Wabash College

Callings: This program helps students seek lives of purpose and fulfillment. Callings-sponsored events aim to enrich our understanding of identity and purpose.

Quests and Questions: Quests and Questions is a student-led and driven organization commited to discerning Callings and it seeks to discover enriching, purpose driven lives through a peer mediated mentor network.  


  • Audience: Young men ages 18-22; reaching out to all 900 undergraduates. 
  • When: The various aspects of the Callings program are ongoing throughout the year, with internships taking place over the summer.  Quests and Questions occurs throughout the year.
  • Approximate Number of Participants: 30-45 students and faculty/staff. The Quests and Questions group has about 4-6 students, while our faculty-staff reading group has drawn about 15-20 per semester.
  • Focus of Vocational Program:  The Callings program brings speakers to campus to reflect on their vocational journeys; supports non-profit summer internships that enable students to explore potential callings, as well as short-term externships in both for-profit and non-profit settings; Quests and Questions, a student run group, focuses on vocation, meaning, and purpose in education and future employment prospects; has taken students on Quests to several locations in southern Indiana and Detroit designed to prod thinking about vocation; conducts and faculty-staff reading group that explores our vocation in higher education.

Funding and Operations

Wabash hopes to find ways to sustain its reflection programs.

  • External Support: NetVUE Program Development Grant, 2013-14.
  • Operations: Our program development grant of $46,000 will end up supporting the program for approximately 27 months. We are searching for support moving forward and may need to scale back somewhat.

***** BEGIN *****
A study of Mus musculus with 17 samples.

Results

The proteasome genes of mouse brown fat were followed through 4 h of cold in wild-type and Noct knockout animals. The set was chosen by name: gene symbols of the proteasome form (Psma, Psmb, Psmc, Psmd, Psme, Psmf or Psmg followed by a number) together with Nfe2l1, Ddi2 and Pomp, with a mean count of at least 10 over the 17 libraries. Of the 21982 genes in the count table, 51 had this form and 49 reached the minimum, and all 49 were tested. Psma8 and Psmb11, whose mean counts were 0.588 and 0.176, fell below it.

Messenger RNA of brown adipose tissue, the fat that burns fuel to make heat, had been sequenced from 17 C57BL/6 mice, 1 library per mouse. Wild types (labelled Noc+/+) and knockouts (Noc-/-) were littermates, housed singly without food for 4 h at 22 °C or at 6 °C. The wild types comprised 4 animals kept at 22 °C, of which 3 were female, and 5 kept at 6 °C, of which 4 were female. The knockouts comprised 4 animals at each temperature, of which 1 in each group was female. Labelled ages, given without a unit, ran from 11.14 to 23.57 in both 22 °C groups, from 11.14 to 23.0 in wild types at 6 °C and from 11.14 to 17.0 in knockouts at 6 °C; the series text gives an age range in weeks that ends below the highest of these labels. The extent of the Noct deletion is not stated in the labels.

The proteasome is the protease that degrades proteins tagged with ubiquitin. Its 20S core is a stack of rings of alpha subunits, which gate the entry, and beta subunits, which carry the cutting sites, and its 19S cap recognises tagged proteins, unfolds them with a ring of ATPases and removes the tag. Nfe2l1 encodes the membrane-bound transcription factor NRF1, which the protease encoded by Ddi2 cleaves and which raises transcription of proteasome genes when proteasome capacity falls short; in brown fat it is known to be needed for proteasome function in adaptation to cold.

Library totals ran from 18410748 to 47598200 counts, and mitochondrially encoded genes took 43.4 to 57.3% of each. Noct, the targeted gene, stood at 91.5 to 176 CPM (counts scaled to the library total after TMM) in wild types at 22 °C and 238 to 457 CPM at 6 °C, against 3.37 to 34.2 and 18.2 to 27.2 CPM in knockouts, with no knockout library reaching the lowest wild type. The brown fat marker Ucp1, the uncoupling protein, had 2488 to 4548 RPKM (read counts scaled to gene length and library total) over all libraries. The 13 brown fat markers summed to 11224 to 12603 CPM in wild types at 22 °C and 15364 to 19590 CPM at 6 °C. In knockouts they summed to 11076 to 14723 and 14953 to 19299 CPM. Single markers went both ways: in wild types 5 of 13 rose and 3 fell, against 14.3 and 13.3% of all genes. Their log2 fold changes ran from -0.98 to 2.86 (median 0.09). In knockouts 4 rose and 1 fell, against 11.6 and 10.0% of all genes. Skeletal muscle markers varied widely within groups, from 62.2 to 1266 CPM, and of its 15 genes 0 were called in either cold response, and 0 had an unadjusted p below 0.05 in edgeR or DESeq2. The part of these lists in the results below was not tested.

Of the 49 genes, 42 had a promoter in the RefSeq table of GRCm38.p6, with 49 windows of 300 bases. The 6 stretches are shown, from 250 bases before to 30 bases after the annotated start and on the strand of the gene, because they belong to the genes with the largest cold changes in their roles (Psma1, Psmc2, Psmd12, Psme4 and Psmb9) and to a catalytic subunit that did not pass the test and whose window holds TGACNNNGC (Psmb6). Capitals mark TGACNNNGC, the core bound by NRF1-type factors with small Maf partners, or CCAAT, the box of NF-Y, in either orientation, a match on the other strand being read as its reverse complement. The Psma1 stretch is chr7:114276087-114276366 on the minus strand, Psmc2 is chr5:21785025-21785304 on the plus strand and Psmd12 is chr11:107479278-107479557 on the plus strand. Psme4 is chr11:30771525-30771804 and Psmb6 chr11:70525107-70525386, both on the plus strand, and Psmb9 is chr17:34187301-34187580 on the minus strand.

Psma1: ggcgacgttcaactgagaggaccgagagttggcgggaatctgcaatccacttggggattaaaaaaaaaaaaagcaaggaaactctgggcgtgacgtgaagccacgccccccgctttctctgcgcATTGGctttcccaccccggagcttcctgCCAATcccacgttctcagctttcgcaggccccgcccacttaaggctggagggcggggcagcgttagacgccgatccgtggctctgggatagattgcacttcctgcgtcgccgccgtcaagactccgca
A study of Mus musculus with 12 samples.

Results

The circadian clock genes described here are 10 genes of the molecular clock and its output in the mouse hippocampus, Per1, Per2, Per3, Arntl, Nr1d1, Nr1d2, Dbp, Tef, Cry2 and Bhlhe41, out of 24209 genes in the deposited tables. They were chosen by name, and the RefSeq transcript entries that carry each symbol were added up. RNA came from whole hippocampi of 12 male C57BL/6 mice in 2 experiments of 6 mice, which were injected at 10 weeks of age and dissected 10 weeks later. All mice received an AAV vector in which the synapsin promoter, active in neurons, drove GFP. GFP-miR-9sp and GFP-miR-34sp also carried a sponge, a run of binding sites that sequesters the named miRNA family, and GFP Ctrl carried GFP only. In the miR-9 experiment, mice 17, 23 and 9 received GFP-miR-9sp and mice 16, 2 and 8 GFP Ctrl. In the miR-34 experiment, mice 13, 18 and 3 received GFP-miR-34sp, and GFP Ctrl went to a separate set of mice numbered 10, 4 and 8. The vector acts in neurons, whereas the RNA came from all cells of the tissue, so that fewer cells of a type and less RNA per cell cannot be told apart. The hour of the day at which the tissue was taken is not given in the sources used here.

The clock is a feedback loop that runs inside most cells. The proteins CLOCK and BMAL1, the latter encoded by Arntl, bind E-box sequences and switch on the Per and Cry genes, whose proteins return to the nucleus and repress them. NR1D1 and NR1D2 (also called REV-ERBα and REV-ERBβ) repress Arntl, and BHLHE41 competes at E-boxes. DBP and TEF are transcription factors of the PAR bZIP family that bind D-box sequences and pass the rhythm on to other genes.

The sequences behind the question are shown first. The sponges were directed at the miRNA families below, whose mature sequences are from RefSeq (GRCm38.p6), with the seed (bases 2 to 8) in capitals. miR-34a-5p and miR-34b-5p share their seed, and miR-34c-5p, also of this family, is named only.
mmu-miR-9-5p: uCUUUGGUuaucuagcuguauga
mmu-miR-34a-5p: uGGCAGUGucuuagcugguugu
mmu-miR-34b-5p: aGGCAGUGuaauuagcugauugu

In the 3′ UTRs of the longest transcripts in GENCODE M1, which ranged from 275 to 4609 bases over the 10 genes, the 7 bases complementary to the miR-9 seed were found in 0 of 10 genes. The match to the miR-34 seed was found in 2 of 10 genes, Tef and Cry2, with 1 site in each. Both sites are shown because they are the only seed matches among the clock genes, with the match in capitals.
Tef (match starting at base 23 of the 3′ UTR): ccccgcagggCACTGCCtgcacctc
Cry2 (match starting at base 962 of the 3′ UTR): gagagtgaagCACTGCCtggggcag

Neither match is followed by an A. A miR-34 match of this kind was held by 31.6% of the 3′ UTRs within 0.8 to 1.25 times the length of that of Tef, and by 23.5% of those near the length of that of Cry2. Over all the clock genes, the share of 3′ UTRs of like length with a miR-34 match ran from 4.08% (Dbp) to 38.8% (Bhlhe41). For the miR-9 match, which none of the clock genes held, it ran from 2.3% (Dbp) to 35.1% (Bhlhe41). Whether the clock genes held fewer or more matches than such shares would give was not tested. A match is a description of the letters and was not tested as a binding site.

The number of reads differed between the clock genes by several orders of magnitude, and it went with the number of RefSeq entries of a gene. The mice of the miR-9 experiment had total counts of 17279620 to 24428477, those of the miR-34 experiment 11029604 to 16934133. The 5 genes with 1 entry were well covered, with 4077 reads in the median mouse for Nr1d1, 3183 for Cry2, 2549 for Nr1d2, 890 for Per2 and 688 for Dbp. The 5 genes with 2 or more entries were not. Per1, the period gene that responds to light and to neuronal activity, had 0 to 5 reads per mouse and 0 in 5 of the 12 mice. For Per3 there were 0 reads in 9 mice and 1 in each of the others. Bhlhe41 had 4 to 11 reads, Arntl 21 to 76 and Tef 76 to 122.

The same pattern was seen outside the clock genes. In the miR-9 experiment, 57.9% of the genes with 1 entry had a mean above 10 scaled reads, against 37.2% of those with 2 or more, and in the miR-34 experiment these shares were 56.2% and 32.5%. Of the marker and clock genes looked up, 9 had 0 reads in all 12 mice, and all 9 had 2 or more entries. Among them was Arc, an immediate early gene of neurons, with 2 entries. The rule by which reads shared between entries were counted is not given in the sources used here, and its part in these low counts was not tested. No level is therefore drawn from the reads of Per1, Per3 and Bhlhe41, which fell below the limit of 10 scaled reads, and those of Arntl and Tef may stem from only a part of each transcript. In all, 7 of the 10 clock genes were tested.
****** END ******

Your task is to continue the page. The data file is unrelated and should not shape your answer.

Callings, Exploring Vocational Identity and Purpose, is a program focused on Wabash College’s undergraduate male student population that aims to help students explore the concept of vocation or calling in light of their interests, gifts, passions, and future plans. We desire to help students think of their lives—educationally, occupationally, spiritually, and beyond—in terms of meaning, purpose, service, and integrity. We are convinced that students who can begin to incorporate these “big question” issues into their lives will be able to move beyond narrow careerist mindsets and self-serving interests and onto vocational paths that are much richer, fuller, and life-giving. As far as the impact of Callings, in our small college context, we have lots of word-of-mouth evidence that suggests a positive impact in helping students expand their horizons. Our numbers have been fairly limited, but the reception on campus among both students and faculty/staff has been very positive. 


Our late colleague, Bill Placher, was involved in the Lilly Endowment–funded Programs for the Theological Exploration of Vocation (PTEV), and edited a book in support of PTEV that has been widely used, Callings: Twenty Centuries of Christian Wisdom on Vocation (2005). After Bill’s death in late 2008, efforts along these lines languished for a time until we decided to become involved in the Network on Vocation in Undergraduate Education (NetVUE), effectively the successor program to PTEV that aimed for a broader constituency. We established our program, Callings: Exploring Vocational Identity and Purpose, in late 2011 and 2012, then received a NetVUE program development grant for 2013 and 2014 that enabled us to further develop and expand it.  The program has been running for 3 years.

Recommended Resources

Wabash Calling website: http://www.wabash.edu/careers/students/callings

NetVUE conferences, both national and regional, have been very valuable sources of ideas. Discussions with leaders of vocation programs at a number of schools have also helped generate ideas. We also sought to read widely in the areas of vocation and calling, higher education, young men and the challenges they face, career counsel and planning, and more.

Two books (among many) have been helpful:

  • Mark R. Schwehn and Dorothy C. Bass, eds., Leading Lives that Matter: What We Should Do and Who We Should Be (2006);
  • Bill Placher, Callings: Twenty Centuries of Christian Wisdom on Vocation (2005).


Callings received the NetVUE Program Development Grant, 2013-14.  Operationally, the program development grant of $46,000 will end up supporting the program for approximately 27 months. We are searching for support moving forward and may need to scale back somewhat.


Our assessment has been qualitative, anecdotal, and word-of-mouth, which seems to work pretty well on our small campus, which is highly relational and teaching focused. What we haven’t done is conduct any quantitative assessments.